Wednesday, July 20, 2005

Every win counts!

Of course, they all count. But this season is turning out to be very, very special in this regard. Last night, Ryan Howard showed he is, indeed, the man. As I've contended before, the Phils might be well served to trade away some of their veterans, even if they don't get much in return, because some of their best players are under 27. Howard, Madson, Myers, Utley, all making near the minimum, all top contributors for the Phils.

But anyway, last night we could have easily lost the game, and instead won. This was huge. Why? According to Baseball Prospectus, the wild card team will probably win 86 or 87 games this year, with enough teams in the mix that the Phillies cannot count on another team's implosion to back them into the playoffs. The Phillies W3 percentage (explained here, my favorite predictive stat) is only .513, which pretty much means the Phillies are expected to break even over the remainder of the year.

Last night was one of those famous one-run games. The more I learn about baseball, the more obvious it is that performance in one run games is what separates good teams from great ones. Is one run game performance random? I don't think it is entirely. I'll more thoughts on this at a later date, but if you agree or disagree, the irrefutable fact is that one run games will make or break a season for almost all teams, unless they are incredibly good or incredibly bad.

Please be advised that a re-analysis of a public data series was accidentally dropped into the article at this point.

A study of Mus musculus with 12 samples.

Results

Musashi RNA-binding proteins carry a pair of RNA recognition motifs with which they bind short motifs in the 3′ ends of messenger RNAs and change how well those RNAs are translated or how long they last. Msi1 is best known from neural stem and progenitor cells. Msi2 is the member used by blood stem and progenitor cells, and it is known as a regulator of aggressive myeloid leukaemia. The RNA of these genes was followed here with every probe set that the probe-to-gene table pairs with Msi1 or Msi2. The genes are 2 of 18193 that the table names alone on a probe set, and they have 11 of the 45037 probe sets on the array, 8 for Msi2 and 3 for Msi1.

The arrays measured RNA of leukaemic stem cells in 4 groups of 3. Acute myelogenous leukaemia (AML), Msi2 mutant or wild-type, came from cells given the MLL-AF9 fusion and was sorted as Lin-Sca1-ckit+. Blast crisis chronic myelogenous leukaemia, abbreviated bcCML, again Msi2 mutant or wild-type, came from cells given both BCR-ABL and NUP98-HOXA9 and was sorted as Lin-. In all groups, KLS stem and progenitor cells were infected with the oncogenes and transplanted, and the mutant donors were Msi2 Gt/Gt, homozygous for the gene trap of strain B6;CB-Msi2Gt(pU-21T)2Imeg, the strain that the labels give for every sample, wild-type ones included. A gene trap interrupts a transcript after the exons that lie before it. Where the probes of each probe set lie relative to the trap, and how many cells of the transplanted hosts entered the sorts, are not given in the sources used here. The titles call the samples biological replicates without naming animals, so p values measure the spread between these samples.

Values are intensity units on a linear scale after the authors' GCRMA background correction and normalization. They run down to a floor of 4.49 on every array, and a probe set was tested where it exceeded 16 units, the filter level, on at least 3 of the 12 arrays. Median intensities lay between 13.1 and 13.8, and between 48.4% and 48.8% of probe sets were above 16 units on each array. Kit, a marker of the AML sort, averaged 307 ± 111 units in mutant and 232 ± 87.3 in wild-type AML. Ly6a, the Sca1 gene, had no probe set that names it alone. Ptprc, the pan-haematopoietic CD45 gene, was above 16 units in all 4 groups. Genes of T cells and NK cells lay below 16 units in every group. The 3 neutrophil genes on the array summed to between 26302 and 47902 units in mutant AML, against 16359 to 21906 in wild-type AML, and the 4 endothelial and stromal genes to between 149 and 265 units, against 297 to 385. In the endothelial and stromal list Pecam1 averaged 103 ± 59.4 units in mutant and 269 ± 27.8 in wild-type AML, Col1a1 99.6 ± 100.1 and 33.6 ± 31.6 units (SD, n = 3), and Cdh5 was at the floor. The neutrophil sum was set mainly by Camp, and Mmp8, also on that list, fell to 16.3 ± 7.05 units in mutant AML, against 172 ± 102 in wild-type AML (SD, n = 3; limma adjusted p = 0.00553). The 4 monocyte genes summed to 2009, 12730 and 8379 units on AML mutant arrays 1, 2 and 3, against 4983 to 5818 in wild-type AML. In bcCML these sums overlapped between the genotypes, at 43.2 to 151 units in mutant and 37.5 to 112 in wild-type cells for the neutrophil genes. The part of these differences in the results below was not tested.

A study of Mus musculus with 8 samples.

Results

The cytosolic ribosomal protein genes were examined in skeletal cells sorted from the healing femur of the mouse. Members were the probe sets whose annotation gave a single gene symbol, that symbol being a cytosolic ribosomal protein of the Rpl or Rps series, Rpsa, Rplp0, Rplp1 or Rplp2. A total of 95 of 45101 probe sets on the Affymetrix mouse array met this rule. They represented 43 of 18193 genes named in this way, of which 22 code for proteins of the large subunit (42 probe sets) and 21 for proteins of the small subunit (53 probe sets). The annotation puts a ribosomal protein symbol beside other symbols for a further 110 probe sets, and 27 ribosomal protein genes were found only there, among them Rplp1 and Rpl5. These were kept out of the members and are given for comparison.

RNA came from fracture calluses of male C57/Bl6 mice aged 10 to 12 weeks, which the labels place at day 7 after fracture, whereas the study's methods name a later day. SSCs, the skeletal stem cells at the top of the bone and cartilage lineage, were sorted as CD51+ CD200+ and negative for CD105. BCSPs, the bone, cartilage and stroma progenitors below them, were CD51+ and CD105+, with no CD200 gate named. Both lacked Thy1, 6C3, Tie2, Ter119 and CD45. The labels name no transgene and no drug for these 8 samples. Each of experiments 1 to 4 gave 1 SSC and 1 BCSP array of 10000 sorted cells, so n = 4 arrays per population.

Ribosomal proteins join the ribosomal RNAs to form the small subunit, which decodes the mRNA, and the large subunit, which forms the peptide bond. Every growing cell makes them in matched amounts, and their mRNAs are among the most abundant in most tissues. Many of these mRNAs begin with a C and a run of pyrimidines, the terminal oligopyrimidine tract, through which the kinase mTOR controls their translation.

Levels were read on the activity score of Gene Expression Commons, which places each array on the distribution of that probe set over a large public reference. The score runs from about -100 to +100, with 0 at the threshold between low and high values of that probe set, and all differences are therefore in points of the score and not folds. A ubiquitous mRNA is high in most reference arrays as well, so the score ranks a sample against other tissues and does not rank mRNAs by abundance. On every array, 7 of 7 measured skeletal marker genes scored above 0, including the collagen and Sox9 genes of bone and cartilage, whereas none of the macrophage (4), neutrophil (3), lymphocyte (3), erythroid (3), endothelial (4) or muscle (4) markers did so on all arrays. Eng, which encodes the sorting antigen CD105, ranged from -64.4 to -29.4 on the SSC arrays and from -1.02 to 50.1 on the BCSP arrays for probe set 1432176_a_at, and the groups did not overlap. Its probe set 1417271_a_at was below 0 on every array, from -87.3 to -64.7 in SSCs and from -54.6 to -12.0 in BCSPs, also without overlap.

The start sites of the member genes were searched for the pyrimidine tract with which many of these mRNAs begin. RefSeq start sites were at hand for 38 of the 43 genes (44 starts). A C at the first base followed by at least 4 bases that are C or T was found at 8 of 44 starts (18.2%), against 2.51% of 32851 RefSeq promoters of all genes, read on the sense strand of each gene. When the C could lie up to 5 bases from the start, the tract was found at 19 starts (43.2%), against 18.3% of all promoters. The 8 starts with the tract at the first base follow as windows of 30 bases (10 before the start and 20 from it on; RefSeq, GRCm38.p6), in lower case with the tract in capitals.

Anyway, in the overall scheme of things, last nights' win barely affected the W3 percentage of the Phillies. But it affected their total wins by 1. So starting today, their base wins for the rest of the season is 49, not 48. This marginally improves their chances of getting to 87 wins. Over the rest of the season, as games get fewer and fewer, those one run games will be less and less likely to even out. The more of these kinds of games the Phillies win, the more likely they will reach the promised land of the playoffs.

Look at it this way: given the W3 percentage, of the final 70 games the Phillies are playing, they are likely to win 36 of them (not adjusting for home/road difference or for strength of opponent). By winning last night, that means they should end up with 85 wins. By losing, they would be shooting for 84. With 87 being the goal, those "random" one run results become more and more important. Every one run game won basically means another half game outperforming our expected win total. If, over the rest of the season, we win 4 more one run games than we lose, we should hit the 87 win jackpot, all other things being equal. Had we lost last night, we would have had to win an extra 6 one runners to get there.

I wonder if Ryan Howard was considering all this when he launched that bomb last night?